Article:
Presumptive Democratic nominee Joe Biden on Tuesday detailed his plan to pump stimulus spending into Black and brown-owned businesses and advance first-time homebuyers a $15,000 refundable tax credit as part of an economic plan focused on racial equity.
The proposal is the fourth and final plank of a “Build Back Better” economic agenda Biden has rolled out in weekly speeches throughout July. The first three planks focused on manufacturing, clean energy and what he called the “caregiving economy.”
The former vice president offered an overview of his proposal in a speech Tuesday in Wilmington, Delaware – one in which Biden also slammed President Donald Trump’s handling of race and the economy, as he has done in each of his previous speeches laying out his economic agenda.
“He’s determined to stoke division and chaos. It’s not good for the country, but Donald Trump doesn’t care. His campaign is failing and he’s looking for a political lifeline,” Biden said.
Biden on Tuesday criticized Trump for deploying federal agents to Portland, Oregon, and other cities during protests over racial inequality and police brutality.
“I said from the outset of the recent protests that there’s no place for violence or destruction of property,” Biden said. “Peaceful protesters should be protected, and arsonists and anarchists should be prosecuted. And local law enforcement can do that.”
Biden has lambasted Trump for emboldening racists over the course of his 2020 campaign, and called the President racist at a recent fundraiser. In the wake of the George Floyd shooting and protests against racial injustice and police violence across the nation, the former vice president has broken with some progressives on policy matters – he has said, for example, that he opposes defunding the police. But he has also backed a number of reforms, including beefing up Justice Department oversight of police departments and undoing Trump’s actions on immigration.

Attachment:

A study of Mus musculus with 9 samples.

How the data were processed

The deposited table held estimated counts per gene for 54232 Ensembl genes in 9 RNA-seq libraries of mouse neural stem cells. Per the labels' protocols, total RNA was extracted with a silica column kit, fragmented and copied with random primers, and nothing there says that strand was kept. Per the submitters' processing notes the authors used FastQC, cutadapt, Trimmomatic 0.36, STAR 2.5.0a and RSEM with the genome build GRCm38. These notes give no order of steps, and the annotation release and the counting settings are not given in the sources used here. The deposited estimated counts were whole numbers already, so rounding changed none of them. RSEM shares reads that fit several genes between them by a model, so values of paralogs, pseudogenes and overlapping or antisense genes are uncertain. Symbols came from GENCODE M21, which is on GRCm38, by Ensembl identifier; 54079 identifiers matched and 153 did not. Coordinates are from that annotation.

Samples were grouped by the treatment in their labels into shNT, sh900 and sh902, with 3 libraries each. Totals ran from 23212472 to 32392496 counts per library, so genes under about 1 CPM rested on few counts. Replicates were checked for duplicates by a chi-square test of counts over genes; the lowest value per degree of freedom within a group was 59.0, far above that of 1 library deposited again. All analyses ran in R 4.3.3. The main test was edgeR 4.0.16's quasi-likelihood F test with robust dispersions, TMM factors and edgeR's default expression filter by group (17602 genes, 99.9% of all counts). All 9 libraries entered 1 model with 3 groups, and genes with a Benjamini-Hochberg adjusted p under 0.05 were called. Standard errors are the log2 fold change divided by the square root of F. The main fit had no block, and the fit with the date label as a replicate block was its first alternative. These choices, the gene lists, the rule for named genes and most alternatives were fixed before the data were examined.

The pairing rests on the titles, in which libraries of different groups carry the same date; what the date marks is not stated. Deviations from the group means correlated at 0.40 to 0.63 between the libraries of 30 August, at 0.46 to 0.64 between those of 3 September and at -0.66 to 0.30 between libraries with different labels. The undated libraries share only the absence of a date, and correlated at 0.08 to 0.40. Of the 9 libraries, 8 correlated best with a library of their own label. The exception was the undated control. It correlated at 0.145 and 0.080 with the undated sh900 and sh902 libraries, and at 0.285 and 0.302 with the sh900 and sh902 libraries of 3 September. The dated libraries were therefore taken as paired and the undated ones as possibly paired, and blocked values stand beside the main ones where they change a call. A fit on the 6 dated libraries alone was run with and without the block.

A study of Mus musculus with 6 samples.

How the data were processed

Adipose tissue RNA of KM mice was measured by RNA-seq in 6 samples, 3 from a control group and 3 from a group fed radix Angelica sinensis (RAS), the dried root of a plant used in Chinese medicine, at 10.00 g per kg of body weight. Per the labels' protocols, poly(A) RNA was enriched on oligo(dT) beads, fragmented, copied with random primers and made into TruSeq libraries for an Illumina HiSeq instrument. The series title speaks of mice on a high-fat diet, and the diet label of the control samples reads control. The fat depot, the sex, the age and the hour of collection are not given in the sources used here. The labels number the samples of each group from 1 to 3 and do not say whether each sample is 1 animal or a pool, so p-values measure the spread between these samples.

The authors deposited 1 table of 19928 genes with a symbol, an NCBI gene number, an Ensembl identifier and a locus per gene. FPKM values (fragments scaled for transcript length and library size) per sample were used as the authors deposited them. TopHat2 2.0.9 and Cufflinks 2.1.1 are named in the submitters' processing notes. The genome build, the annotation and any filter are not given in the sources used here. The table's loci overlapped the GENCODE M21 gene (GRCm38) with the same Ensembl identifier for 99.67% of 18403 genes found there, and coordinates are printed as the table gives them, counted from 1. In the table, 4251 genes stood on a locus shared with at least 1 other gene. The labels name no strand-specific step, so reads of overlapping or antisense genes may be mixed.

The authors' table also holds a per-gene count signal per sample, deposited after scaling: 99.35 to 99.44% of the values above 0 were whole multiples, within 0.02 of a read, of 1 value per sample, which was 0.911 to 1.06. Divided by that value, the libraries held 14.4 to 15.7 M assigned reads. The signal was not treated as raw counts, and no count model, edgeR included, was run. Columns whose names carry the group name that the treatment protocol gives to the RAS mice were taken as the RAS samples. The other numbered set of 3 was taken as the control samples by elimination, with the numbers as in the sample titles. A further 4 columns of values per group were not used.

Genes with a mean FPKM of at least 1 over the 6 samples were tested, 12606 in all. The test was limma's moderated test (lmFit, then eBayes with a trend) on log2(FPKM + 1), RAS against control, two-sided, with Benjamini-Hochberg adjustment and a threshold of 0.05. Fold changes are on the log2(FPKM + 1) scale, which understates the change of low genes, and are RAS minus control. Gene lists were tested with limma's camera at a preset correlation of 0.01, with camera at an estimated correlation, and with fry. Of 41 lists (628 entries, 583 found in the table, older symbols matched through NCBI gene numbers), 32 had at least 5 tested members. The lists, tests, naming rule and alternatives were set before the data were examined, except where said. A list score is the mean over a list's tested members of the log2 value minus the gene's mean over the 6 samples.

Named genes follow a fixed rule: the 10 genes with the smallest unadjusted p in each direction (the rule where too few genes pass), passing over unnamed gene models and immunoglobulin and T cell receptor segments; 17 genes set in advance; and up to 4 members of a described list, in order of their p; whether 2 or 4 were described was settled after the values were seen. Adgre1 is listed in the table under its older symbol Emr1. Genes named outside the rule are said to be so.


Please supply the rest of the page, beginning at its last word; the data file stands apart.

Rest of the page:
Hundreds of billions of dollars in stimulus spending to help the economy rebound from the coronavirus pandemic are at the core of Biden’s plans. His racial equity plan would devote $30 billion to an effort to bolster small businesses owned by Black and brown people – money that would come from a $300 billion research and development stimulus fund he detailed earlier this month. His campaign said that $30 billion investment would in turn make $150 billion in venture capital and low-interest loans available.
Biden’s plan would help low- and middle-income people buy houses by advancing first-time buyers a refundable tax credit worth $15,000 that could be used toward a downpayment. Biden’s plan also aims to spur the construction of 1.5 million new homes and public housing units.
Much of the 26-page plan his campaign released Tuesday focused on how proposals Biden has already offered would close the racial wealth gap and bolster Black, brown, Asian and Native American families and businesses.
One new proposal would aim to help states modernize their criminal justice data and record-keeping infrastructure – and would automatically seal records for categories of non-violent offenses selected by each state.
“This data infrastructure will facilitate sealing of records in a manner that is precise, complete and efficient – so those records are not used to deny people jobs, housing, voting rights, school loans and other opportunities to rebuild their lives,” Biden’s campaign said in the document detailing the plan.
Biden’s plan does not include baby bonds, a proposal that New Jersey Sen. Cory Booker advanced during the Democratic primary that would have the federal government deposit money into a savings account for every child born in the United States each year until that child turns 18, at which point it could be used to cover costs like college tuition or a downpayment on a house.
This story has been updated with additional details from Biden’s speech.